Q And how does this document lay out a strategy or a plan to do that?
MS. TOWNSEND: What it talks about is the priority of this issue. It talks about the need for us to bring together -- there are - as we've seen publicly, there are a number of efforts throughout the federal government. And what we talk about in the document is pulling together -- having a more integrated and synchronized effort, and to engage on this particular issue. But that's why I say to you, I think there's been a lot of good work in this area. And some of this will be at the community level like the New York City Police Department.
Q Okay, thank you.
MS. TOWNSEND: Sure.
Q Ms. Townsend , thank you very much. You mentioned earlier about the assistance of the Pakistani government in terrorist interdiction. And I'm just wondering, have they reached out to you, to the United States , for specific military assistance vis-Ä‚Â -vis joint ops?
MS. TOWNSEND: For obvious reasons, I'm not going to -- I can't detail for you the specific discussions between the Pakistani government and the U.S. government. We share intelligence with them. We share -- we offer them both military intelligence and law enforcement assistance. And what that looks like is a source of constant discussion and adjustment, depending on the threat, and what they're confronting. But I can't detail for you what the specific cooperation and the discussions are.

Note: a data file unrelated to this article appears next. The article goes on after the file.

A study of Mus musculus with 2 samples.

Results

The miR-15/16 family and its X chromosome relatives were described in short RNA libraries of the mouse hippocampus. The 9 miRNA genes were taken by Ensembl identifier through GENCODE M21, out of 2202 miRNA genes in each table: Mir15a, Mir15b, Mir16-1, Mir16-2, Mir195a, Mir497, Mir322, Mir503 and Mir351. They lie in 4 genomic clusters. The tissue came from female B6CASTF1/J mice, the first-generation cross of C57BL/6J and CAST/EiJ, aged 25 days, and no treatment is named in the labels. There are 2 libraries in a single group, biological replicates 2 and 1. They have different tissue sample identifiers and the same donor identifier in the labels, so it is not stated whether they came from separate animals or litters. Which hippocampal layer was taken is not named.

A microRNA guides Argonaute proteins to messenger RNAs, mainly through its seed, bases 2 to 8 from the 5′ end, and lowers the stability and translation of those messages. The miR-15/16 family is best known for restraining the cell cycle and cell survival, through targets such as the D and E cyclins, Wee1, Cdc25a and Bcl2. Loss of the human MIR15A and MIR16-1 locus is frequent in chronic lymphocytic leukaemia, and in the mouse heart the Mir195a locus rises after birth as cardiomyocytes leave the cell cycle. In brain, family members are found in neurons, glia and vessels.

Q And a follow-up. In your document, you mentioned a "culture of preparedness." But as I continued reading through it, it talked a lot about self-reliance; a lot about making sure that the private sector and individuals are prepared not only for mutual assistance but also to essentially get it done themselves. Is it your feeling that you are where you want to be in fostering this culture of preparedness? And should people read into this: Look, don't count on us, you're going to have to fend for yourself?
MS. TOWNSEND: Okay. Starting with the "Am I satisfied?" As your colleagues will tell you who have asked me a question that way before, I am never satisfied; I hope we never are; that there's always more that we can do. And so make no mistake, we have more we can do. And Martha Raddatz asked a question about what do I do; I'm here in Washington, D.C. It says to me, for someone who is as engaged as that on this issue to not know, it suggests we've got a lot of work we still need to do on this issue, in terms of building -- truly building that culture of preparedness.
This is not a -- however, this is not us saying, we're not preparing, we're not going to be there for you. But the reality is for the federal government, even working with our state and local partners, it will take us some amount of time. I often use the analogy, if my house was on fire, would I stay inside it and wait for somebody to come and put it out? No, I would begin to get my family together, get them out, and get them to safety while I knew people were coming to help.
It's the same sort of approach. What we're saying to you is, there are things you can do, steps you can take to minimize the damage and suffering to your own family and your own community, and we want to work with you so you can understand what those steps are that you can take while your local and state and federal responders get there to help.
Q Thank you.
Q Hi, Fran, how are you?
MS. TOWNSEND: Hi, Josh.
Q You had mentioned in this report that you're trying to do more to anticipate other countries not cooperating as much in the war on terrorism. I'm trying to remember the exact wording. Can you go into any detail about what countries are cooperating and what countries are not, if you can do that at all? And why that concern seems to be a repeated phrase. I'm wondering if you can go into any more elaboration on that.